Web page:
Priced Randomly.

So earlier this year my primary physician awarded me a year’s supply of Norvasc, a medication used to treat high blood pressure. As my luck would have it, he has the pharmacy dish this out on a monthly basis, however, as I mentioned, I did win a year’s supply. Earl likes to call this my distemper medication.

Shortly after starting the Norvasc, I received a letter from the administrator of the company prescription plan, advising me that I needed to get routine and regular medications in 90 day increments by mail. I was discouraged from using the local pharmacy, because apparently that’s a more expensive proposition. I was told to go online, use the provided credentials to register with the mail-order company, and then I would reap the savings in medical costs.

The website is wonky at best.

The provided credentials don’t work.

I lost interest.

Squirrel!

I decided to ignore the directive from the company prescription drug program and stick with the local pharmacy. The cost varies from month to month and I end up paying anywhere from $6.00 to $9.95. The name of the mail-order prescription drug company is emblazoned across the label from the local pharmacy, so this tells me that somehow the local pharmacy and the mail-order provider are in cahoots.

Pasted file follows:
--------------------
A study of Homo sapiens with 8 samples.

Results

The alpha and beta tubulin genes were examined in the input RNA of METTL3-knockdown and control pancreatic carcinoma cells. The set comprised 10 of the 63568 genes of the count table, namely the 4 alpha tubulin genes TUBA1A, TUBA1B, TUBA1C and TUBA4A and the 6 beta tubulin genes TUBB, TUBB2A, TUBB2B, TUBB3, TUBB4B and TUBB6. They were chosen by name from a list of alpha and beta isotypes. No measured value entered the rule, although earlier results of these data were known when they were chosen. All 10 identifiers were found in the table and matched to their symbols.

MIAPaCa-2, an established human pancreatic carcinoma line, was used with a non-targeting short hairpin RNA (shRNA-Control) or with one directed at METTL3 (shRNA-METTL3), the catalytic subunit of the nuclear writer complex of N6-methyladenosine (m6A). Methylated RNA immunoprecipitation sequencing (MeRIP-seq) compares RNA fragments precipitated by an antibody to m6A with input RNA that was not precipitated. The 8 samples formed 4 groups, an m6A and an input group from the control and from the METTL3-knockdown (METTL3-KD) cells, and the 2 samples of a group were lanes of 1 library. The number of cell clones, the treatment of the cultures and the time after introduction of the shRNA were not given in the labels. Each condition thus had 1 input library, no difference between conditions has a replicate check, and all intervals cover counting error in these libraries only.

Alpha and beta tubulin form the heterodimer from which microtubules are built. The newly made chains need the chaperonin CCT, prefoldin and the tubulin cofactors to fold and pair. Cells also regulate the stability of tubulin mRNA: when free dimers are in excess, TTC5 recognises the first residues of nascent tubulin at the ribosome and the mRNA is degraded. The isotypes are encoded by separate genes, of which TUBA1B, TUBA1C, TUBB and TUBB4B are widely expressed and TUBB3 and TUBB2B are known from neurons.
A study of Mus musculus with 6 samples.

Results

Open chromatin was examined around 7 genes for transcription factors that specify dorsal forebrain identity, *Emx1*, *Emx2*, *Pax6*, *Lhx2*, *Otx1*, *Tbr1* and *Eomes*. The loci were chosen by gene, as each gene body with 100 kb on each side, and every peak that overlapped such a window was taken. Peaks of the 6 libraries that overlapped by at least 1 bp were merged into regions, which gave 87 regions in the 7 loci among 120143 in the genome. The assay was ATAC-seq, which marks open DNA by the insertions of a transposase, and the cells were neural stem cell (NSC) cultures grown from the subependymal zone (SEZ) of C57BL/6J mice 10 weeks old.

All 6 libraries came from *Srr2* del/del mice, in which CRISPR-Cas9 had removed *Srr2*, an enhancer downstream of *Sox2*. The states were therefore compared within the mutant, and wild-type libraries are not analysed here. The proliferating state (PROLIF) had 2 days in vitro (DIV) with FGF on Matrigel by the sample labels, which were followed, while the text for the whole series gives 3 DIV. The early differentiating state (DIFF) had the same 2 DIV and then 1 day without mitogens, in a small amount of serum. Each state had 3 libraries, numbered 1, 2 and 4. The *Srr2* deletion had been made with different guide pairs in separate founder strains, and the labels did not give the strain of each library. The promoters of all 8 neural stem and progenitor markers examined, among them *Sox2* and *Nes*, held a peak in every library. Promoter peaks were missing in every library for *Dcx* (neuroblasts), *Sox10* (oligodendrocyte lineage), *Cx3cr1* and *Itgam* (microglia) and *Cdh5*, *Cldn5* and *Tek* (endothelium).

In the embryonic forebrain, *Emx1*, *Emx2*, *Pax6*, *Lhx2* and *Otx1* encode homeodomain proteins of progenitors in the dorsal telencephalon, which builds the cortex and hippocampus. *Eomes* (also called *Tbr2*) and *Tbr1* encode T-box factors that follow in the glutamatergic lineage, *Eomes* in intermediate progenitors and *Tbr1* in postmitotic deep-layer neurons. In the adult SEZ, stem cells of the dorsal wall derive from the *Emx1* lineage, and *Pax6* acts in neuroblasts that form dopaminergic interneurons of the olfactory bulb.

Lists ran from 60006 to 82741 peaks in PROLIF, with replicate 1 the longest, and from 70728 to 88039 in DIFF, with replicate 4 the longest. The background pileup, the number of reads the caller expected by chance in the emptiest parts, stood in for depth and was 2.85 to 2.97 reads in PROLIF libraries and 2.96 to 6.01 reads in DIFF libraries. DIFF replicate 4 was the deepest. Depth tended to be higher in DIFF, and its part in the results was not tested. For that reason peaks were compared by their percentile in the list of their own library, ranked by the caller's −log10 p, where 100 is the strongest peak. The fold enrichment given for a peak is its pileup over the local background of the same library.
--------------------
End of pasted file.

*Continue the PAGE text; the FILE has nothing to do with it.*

Despite the cahoots, I continue to receive letters from the company insurance provider, reminding me that effective the next refill, my prescription price will skyrocket unless I use the mail-order plan. This has been going on for months. Tonight I refilled my prescription at the local pharmacy and it went from $9.50 to $4.75.

Somehow, somewhere, the cahoots are on my side.

I don’t know how people with crappy medical plans, well crappier medical plans than what we have at work, and multiple medications, keep all of this rigamarole straight. It’s bad enough that I have a deductible on my body, like I’m made up of front fenders and rear quarter panels, but I’m sorry, I’m not going to rely on the US Postal Service to deliver my medications in a timely manner. They can’t even get a package from 75 miles away to my house in less than a week, and even then the tracking information indicates that it’s been routed through Bogalusa, Louisiana on it’s way from one Upstate New York city to another, why on earth would I trust them to get my medication on time.

Once upon a time we relied on our friendly neighborhood pharmacist. I refuse to give and I will continue to do so.